Forward-looking: Japanese memory maker Kioxia has some encouraging news that could supercharge SSD densities. At the International Workshop on Memory Technology in Seoul, the company laid out an ambitious roadmap to reach a staggering 1,000 layers of 3D NAND flash by 2027. But getting there will be no easy feat.

Kioxia’s projections, as covered by the Japanese outlet PC Watch, extrapolate from past trends and improve upon existing NAND cell technology. The company expects NAND die density to hit 100 Gbit/mm² with 1,000 memory cell layers just three years from now. To achieve this, the rate of increase would have to be maintained at 1.33 times per year.

3D NAND layer counts have indeed rapidly increased, from just 24 layers in 2014 to 238 layers in 2022 – a tenfold jump in under a decade. Last year, SK Hynix even showcased a sample of 321-layer 1 Tb TLC 4D NAND chips.

However, scaling to quadruple-digit layer counts is no easy feat. According to storage news site Blocks & Files, achieving higher densities with 3D NAND isn’t merely about adding more layers to the chip. Each layer requires an exposed edge to enable connections between memory cells, resulting in a staircase-like die profile. Therefore, as the layer count is increased, the area consumed by the staircase structure grows substantially, offsetting some of the density gains.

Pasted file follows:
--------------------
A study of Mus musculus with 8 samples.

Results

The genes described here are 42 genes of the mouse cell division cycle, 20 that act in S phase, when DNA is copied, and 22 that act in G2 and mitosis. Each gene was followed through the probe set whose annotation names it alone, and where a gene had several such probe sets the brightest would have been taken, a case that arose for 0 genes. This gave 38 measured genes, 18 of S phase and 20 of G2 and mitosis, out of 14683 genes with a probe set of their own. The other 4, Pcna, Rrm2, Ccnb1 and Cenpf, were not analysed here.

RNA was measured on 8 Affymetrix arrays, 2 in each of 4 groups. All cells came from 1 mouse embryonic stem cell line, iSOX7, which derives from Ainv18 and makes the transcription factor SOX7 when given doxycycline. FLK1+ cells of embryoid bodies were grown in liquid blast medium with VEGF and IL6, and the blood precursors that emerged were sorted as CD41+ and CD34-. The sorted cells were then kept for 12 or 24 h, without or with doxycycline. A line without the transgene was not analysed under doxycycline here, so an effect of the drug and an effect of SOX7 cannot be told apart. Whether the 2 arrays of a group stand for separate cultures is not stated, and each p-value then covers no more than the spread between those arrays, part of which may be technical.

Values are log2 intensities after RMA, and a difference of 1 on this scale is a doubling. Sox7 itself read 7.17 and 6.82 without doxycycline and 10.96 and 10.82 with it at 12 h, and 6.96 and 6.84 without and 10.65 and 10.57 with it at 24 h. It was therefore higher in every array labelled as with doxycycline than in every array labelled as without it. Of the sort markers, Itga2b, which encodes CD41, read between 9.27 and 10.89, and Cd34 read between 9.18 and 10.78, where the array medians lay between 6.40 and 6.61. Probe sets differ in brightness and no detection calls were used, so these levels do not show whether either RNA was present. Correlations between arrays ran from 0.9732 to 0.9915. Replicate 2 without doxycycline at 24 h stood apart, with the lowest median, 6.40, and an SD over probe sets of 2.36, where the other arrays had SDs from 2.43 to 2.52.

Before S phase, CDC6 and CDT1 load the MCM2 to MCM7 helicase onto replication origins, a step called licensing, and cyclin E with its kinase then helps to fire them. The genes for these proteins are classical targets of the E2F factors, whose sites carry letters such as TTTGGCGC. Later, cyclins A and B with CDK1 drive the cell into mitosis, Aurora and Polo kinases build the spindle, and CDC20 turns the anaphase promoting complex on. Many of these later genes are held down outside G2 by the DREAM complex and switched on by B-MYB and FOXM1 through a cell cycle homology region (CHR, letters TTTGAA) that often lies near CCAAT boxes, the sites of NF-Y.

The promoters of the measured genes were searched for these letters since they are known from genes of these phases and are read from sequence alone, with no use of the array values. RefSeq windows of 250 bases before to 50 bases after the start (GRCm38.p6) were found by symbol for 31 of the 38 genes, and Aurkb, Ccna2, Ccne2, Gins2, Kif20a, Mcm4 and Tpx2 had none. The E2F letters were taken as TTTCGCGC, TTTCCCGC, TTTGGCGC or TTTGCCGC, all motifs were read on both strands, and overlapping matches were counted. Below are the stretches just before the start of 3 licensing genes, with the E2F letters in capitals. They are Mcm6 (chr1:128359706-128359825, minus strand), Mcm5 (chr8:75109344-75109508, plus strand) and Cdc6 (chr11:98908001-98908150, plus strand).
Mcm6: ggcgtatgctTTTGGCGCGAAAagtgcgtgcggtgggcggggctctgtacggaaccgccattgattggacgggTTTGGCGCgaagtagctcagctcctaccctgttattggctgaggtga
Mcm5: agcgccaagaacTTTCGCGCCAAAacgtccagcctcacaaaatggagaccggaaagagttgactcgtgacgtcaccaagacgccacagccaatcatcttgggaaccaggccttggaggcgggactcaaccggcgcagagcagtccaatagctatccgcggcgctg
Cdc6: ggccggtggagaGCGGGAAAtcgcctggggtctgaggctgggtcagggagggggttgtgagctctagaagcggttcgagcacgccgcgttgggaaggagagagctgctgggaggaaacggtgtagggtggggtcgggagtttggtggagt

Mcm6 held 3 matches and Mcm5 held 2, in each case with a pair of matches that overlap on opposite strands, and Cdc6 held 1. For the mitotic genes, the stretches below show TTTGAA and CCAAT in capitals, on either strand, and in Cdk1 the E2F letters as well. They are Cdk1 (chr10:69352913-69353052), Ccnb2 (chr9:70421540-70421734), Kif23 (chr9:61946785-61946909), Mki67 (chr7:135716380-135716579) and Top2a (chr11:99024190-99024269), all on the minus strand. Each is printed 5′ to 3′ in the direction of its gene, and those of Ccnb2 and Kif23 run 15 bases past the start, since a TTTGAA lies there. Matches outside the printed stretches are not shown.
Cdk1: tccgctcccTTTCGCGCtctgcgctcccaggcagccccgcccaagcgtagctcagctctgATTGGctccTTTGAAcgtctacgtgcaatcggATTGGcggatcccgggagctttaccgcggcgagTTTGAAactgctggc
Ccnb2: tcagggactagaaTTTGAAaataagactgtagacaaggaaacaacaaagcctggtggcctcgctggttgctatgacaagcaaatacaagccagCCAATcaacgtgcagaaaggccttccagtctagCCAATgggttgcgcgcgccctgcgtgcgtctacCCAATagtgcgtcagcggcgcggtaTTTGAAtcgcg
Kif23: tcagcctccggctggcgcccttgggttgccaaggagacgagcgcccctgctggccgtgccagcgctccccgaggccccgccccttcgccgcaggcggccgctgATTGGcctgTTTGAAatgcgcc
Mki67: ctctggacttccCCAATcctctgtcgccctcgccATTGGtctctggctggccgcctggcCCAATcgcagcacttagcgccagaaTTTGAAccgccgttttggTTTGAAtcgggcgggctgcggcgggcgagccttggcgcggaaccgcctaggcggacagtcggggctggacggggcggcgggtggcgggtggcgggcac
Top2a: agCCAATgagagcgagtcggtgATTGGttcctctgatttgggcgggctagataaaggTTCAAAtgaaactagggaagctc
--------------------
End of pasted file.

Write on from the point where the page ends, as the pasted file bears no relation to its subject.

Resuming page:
To compensate for this, memory makers need to shrink NAND cells both vertically and laterally while transitioning to QLC NAND, packing 4 bits per cell compared to today’s TLC technology. Channel resistance and signal noise also turn into growing pains as layers increase.

While Kioxia has plausible solutions for these technical roadblocks, a looming question remains around the economics and financial viability of such an aggressive push.

Kioxia’s manufacturing partner, Western Digital, has reportedly expressed concerns about ballooning NAND fab costs outpacing revenue growth. The two companies have already announced their BiCS 8 technology with 218 layers and have discussed BiCS 9 and 10 with up to 400+ layers. However, a 1,000-layer node seems like an ambitious long-term goal that may test WD’s appetite for heavy fab investments.

The lengths Kioxia will go to achieve the memory density of its dreams remain to be seen. The manufacturer is currently locked in a race with Samsung, making the 1,000-layered prize a lucrative target. Tough negotiations with Western Digital on the pace and timing of future NAND scaling nodes likely lie ahead.